Well, it was actually mostly pars and mostly smiles.
As you may have heard, Tiger Woods returned to competitive golf and finished his round, posting a two-under 68. I followed him for 14 holes and walked away impressed with what I saw. From the start, his swing looked more simplified and smoother. Even though he pushed his first tee shot into the fairway bunker, I thought his swing looked solid.
I filed a story for WSJ.com and I could write another thousand words, but in the interest of time and short attention spans, I’ll spare you. Here’s an excerpt:
“The amount of progress I made in my golf swing, the amount of compression I had in the golf ball, the shots I was hitting,” said Woods when asked what he discovered in competition. “I was hitting proper shots out there, and the distances I was hitting the golf ball. This was fun.”
Though he only hit five out of 14 fairways, he wasn’t spraying it, either. His misses were usually only a few yards from the short grass and in spots that put him in good position to approach the greens.
For example, on the 13th, he drove it in the left rough, but while he didn’t have an ideal lie, he still had a shot to the green. Had he pushed it, the trees overhanging along the right side would have blocked him and he would have had to hit a much more difficult punch out.
Meanwhile, his iron play was solid. Woods threw darts on the 4th and 5th holes, but missed the makeable birdie putts. The worst shot he hit all day came on 16, where his approach landed 31 feet from the hole. But he dropped a bomb for birdie – vintage Tiger, minus the fist pump.
*On the 11th Tiger striped a 3-wood 270 yards, splitting the fairway, despite his foot slipping and his one-handed finish. His BFF Darrren Clarke needled him for the near fall. Then Clarke nearly whiffed his fairway wood, which ended up 80 yards behind Tiger’s ball. (The marshal said it was the shortest of the day.) Naturally, it gave Tiger the opportunity to jab him back. Karma!
*What you couldn’t see on TV (luckily for you all): Tiger’s swamp ass. He was wearing dark gray slacks, so it didn’t show up on TV. By the third hole, he had swamp ass that was reminiscent of Robert Garrigus in Memphis last year. I mean, we were all sweating in the sweltering heat, but it was impossible not to notice Tiger’s wet bottom. He kept wiping the sweat from his brim, too. On the 4th tee, he used the grass as a towel, wiping the excess moisture from his hand.
*Tiger really is back. He wasn’t fond of the last question asked and got all catty over it. From the transcript:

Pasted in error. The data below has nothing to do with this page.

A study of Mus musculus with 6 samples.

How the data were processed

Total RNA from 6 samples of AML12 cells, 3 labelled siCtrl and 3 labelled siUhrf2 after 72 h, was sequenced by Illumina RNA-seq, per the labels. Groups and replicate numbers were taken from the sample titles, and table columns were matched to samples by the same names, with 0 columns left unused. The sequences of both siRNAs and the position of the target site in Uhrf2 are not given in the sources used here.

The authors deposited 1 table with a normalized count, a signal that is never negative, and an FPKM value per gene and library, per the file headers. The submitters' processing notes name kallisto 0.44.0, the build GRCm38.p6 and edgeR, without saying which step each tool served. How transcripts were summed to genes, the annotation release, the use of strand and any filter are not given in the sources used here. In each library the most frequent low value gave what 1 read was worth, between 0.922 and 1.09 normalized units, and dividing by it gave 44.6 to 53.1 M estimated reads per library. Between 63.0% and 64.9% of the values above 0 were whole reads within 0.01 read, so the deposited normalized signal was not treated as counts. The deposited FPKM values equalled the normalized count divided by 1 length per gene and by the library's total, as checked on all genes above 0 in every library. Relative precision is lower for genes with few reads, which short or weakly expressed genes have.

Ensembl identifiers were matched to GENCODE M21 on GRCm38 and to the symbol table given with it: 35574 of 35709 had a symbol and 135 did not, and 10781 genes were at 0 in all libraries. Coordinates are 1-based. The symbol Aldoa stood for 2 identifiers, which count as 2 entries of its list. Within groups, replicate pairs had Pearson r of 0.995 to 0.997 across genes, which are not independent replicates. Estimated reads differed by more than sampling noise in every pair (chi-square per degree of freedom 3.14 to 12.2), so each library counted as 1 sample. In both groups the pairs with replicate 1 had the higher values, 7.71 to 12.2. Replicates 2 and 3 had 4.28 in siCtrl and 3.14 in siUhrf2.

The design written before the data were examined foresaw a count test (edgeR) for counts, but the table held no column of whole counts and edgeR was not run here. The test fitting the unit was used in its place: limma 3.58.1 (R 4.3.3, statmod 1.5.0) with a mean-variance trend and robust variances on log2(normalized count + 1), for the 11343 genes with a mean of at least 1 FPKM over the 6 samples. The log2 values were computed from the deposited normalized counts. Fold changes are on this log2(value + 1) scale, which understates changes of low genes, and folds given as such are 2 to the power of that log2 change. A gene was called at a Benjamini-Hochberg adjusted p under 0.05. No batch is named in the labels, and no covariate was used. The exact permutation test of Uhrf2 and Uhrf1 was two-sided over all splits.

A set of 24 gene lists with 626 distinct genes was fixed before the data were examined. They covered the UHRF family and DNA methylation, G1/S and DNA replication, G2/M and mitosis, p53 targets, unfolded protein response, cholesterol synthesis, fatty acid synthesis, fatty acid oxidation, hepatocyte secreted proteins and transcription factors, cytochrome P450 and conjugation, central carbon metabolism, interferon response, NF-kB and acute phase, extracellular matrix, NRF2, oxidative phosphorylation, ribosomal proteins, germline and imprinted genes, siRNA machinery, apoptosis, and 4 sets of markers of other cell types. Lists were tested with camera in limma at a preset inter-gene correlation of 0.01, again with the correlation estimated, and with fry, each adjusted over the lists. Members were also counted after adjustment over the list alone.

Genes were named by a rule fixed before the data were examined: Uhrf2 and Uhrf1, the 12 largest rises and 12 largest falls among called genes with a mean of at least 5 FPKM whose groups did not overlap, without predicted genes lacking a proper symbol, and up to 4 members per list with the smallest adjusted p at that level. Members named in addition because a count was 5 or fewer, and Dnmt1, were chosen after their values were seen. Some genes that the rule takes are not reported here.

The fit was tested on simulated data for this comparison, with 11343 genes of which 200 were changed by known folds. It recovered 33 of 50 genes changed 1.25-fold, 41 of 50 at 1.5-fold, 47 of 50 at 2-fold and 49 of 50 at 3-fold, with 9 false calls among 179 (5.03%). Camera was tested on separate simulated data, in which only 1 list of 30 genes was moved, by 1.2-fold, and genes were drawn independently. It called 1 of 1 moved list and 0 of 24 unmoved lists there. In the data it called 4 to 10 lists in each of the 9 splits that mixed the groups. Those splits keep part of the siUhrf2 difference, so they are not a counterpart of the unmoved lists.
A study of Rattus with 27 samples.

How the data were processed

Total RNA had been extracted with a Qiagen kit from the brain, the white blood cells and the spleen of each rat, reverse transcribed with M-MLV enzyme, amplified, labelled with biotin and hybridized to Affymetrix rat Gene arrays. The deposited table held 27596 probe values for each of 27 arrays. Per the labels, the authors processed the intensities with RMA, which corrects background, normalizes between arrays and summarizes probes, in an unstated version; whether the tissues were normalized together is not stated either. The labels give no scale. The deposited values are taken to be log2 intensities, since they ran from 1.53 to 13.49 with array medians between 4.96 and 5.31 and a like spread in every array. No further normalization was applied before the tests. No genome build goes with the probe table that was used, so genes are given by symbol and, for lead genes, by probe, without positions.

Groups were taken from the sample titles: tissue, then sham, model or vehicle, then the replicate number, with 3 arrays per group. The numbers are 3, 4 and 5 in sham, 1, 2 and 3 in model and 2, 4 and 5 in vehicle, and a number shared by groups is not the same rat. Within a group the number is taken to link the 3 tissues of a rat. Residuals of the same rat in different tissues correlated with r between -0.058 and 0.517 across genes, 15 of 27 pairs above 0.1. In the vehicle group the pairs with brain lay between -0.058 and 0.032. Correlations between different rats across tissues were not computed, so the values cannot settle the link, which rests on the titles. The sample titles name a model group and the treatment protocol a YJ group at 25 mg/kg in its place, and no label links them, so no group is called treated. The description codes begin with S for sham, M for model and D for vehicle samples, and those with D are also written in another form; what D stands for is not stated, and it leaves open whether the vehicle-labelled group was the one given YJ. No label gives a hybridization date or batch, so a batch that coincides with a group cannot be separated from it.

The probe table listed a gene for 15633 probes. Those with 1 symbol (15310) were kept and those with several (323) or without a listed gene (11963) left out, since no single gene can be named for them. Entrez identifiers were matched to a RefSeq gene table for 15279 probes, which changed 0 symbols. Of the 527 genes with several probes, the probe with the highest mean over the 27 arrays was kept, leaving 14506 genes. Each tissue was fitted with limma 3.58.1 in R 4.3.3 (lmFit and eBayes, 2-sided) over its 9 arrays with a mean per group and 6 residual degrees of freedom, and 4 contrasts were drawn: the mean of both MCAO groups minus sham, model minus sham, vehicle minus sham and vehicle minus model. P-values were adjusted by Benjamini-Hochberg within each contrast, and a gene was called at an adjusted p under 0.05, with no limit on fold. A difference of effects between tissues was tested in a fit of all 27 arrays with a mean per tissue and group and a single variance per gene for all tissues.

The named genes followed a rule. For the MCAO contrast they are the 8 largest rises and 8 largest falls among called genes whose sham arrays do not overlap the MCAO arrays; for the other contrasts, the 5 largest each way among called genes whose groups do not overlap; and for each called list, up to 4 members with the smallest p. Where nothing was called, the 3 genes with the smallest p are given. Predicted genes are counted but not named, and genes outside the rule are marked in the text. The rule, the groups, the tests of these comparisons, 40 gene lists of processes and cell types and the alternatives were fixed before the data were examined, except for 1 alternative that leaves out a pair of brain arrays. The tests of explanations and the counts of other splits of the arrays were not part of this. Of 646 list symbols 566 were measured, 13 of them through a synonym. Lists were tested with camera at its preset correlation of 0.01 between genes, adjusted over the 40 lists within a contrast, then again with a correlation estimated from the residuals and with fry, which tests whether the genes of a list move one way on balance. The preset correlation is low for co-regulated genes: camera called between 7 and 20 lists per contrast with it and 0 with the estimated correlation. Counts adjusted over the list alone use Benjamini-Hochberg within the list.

Q. Do your expectations change after today’s round for this tournament instead of looking at maybe I’ve got four rounds to play and get myself — now are you thinking about winning? Are you thinking about —
TIGER WOODS: I thought about winning going in.
Q. Never changed?
TIGER WOODS: Why would it? I don’t know.
*As he left the podium, he had to walk past me and muttered, “That’s why you guys listen and I play.” Well, duh. I was taken aback, a little shocked because he didn’t need to get pissed off about a harmless question. So that was too bad because it was fun to watch him play today. I was really, really sick of lunging at the ball and hitting shots, like, you know, a writer. Ha!
*Other interesting parts of his presser:
Q. All things considered, how encouraged are you?
TIGER WOODS: It feels great, feels great. You know, as anybody who’s been off and who’s been injured, first time back, it’s a little nervous to see what happens. But my practice sessions were good, so there’s no reason why I should be worried out there. I went out there and just let it go, let it rip and see what happens.
Q. Did you know what to expect today and do you know what to expect now tomorrow?
TIGER WOODS: Well, I expect myself to be more prepared going into tomorrow. I’ve got the competitive feel now. I know what it feels like to get into the flow of the round, the rhythm of playing and walking, and just the flow of playing tournament golf, which is way different than zipping around in shorts and a cart.
Q. You’ve said in the past that there’s no eureka moment, no one swing, one putt that gets you back to where you were. Do you still feel that way?
TIGER WOODS: Absolutely, it’s a progress, a progression. You take it step by step. Just when I think this is pretty good, I get a little bit better. This one, Sean and I say, okay, that’s wonderful position, that’s where you need to get to, I get even better. That’s what’s fun about it is we keep refining it.
Today some of the shots, some of the drives I hit out there, I got my power back.
Alright, that’s it for now. Please share your thoughts on Tiger’s performance today.